A leading television journalist in Italy has resigned from her job, after criticising Prime Minister Silvio Berlusconi over his media influence.
Lilli Gruber resigned after criticising Berlusconi over his media influence
Lilli Gruber quit state broadcaster Rai, saying the corporation mainly reflected the government's views and Mr Berlusconi's "unresolved conflict of interest" hurt Italian democracy.
She says she will run in the European elections as an opposition candidate.
Mr Berlusconi denies his family's media empire presents a conflict of interest.
Lilli Gruber quits Rai after 20 years of service, during which she became one of its best-known faces with her authoritative style and grasp of current affairs.
She has recently reported from Iraq, and presented the channel's main evening news programme.
In her resignation letter, Ms Gruber accused her managers of turning their backs on Rai's long-held tradition of pluralism.
"Never, before now, has there been such a temptation in Rai - especially in its main news broadcast - to mould all information in the shape of the parliamentary majority and the government," she wrote on Tuesday.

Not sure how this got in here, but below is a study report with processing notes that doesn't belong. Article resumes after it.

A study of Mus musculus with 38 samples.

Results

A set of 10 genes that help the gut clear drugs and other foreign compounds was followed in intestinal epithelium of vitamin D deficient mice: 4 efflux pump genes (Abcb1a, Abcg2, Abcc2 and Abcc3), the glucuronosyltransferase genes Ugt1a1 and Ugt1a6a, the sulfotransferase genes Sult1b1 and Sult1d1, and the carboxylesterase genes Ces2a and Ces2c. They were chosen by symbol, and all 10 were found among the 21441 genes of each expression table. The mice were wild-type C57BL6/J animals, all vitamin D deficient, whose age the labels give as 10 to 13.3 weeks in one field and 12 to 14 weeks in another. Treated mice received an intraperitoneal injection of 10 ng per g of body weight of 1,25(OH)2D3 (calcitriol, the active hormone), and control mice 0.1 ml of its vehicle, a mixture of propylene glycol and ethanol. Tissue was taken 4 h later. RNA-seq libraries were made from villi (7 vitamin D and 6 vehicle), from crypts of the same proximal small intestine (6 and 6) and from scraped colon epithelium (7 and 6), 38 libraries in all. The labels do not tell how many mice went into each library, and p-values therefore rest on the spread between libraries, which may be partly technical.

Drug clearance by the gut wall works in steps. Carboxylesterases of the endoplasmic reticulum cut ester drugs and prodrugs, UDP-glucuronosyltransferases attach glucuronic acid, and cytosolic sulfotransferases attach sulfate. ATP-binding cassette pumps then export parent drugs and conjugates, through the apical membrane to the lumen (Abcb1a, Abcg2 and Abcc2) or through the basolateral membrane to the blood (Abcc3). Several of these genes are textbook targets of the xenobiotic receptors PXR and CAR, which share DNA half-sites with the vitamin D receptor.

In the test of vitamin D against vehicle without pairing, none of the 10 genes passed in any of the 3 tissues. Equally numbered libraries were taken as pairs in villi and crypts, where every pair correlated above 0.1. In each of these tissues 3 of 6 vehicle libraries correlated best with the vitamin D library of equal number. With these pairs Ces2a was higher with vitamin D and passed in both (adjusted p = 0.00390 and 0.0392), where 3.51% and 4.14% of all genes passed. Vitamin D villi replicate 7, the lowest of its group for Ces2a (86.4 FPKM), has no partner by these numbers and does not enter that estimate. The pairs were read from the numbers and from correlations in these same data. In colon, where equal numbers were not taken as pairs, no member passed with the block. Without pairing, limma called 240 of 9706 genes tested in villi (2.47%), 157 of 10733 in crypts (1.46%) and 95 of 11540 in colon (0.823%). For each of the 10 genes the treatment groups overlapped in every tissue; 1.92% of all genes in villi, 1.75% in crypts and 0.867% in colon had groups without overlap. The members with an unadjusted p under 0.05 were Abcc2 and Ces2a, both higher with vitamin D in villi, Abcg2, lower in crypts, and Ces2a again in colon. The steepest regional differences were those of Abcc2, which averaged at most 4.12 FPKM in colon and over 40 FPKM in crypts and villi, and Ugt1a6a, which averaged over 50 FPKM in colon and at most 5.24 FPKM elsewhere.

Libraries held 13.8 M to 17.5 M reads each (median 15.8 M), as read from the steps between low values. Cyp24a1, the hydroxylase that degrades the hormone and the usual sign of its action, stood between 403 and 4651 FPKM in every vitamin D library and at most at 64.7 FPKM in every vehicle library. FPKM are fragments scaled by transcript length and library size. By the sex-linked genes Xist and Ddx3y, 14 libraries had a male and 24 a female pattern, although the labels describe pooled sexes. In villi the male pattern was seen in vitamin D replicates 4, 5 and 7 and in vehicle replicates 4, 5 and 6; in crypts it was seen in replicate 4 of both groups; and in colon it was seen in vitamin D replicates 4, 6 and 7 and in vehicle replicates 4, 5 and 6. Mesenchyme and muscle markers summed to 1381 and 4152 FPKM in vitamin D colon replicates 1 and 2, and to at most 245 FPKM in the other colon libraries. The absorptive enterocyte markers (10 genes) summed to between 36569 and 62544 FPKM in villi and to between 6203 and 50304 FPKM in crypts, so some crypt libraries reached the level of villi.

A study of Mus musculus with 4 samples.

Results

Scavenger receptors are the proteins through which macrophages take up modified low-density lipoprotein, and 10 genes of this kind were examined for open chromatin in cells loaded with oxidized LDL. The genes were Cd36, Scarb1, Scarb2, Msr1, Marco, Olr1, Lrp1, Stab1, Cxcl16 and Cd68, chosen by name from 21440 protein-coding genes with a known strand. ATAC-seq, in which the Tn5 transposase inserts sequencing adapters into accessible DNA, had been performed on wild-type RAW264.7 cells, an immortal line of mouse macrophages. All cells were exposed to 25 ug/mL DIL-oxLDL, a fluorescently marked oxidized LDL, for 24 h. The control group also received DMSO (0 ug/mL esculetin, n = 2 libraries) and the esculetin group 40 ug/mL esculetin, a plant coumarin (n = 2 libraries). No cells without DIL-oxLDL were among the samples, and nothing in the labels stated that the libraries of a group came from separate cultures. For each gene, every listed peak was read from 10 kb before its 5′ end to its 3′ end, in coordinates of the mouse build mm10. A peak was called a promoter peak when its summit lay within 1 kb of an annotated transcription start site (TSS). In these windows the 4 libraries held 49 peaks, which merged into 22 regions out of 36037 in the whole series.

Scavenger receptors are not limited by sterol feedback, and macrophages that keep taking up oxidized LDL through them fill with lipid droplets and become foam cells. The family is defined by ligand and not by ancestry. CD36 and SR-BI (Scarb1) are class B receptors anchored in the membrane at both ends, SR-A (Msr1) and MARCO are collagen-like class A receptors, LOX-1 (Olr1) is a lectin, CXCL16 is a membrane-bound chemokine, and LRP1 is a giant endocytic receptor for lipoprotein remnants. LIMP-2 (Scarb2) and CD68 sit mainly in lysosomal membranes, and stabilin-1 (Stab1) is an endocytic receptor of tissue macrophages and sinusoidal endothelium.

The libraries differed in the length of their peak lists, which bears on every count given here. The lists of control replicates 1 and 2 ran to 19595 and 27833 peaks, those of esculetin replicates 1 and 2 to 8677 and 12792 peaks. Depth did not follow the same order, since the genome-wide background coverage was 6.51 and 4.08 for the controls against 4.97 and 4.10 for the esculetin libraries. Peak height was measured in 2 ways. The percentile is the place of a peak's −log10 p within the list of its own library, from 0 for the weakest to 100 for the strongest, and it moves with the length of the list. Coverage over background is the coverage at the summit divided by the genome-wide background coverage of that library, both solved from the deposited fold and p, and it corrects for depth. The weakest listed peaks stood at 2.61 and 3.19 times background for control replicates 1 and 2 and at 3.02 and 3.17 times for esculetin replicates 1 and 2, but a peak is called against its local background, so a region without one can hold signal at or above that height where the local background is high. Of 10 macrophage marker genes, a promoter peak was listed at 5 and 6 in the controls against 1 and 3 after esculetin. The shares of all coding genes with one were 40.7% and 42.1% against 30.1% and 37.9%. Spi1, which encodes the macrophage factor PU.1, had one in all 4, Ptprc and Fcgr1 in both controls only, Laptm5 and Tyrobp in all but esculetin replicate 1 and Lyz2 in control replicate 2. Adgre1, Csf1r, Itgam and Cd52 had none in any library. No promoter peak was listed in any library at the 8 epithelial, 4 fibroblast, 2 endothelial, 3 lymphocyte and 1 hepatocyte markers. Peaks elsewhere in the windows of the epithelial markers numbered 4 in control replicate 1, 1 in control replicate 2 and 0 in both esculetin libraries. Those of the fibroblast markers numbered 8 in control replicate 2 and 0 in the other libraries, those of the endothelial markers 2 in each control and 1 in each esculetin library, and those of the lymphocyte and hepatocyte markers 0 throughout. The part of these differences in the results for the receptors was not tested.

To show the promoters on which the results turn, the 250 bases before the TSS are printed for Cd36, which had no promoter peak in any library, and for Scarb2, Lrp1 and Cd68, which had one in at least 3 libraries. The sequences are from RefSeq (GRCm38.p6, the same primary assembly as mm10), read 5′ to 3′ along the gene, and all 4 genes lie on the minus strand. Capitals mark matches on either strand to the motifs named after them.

"The absence of common rules, the anomalous concentration of power in the hands of one man and the obvious, unresolved conflict of interest that this has given rise to, hurts both broadcasting and the credibility of our democracy."
Rai management rejected her allegations as "wrong and ungenerous".
But Ms Gruber said she intended to wage a political battle over the matter at the European Parliament
, which has recently criticised Italy over its media ownership rules, if she is elected.
The Berlusconi family owns the country's three main private television channels - Rete 4, Italia 1, and Canale 5.
The prime minister also holds political influence at the board of state broadcaster Rai.
Through a holding company, Fininvest, Mr Berlusconi has press interests in the Panorama and Il Giornale papers, publishing interests at Mondadori publishing house and cinema rights.
A controversial media bill, removing a ban on one person owning more than two national broadcasting stations, was adopted by the parliament last year - but President Carlo Azeglio Ciampi rejected it.
If parliament passes it unchanged for a second time, the president would be obliged to sign it into law.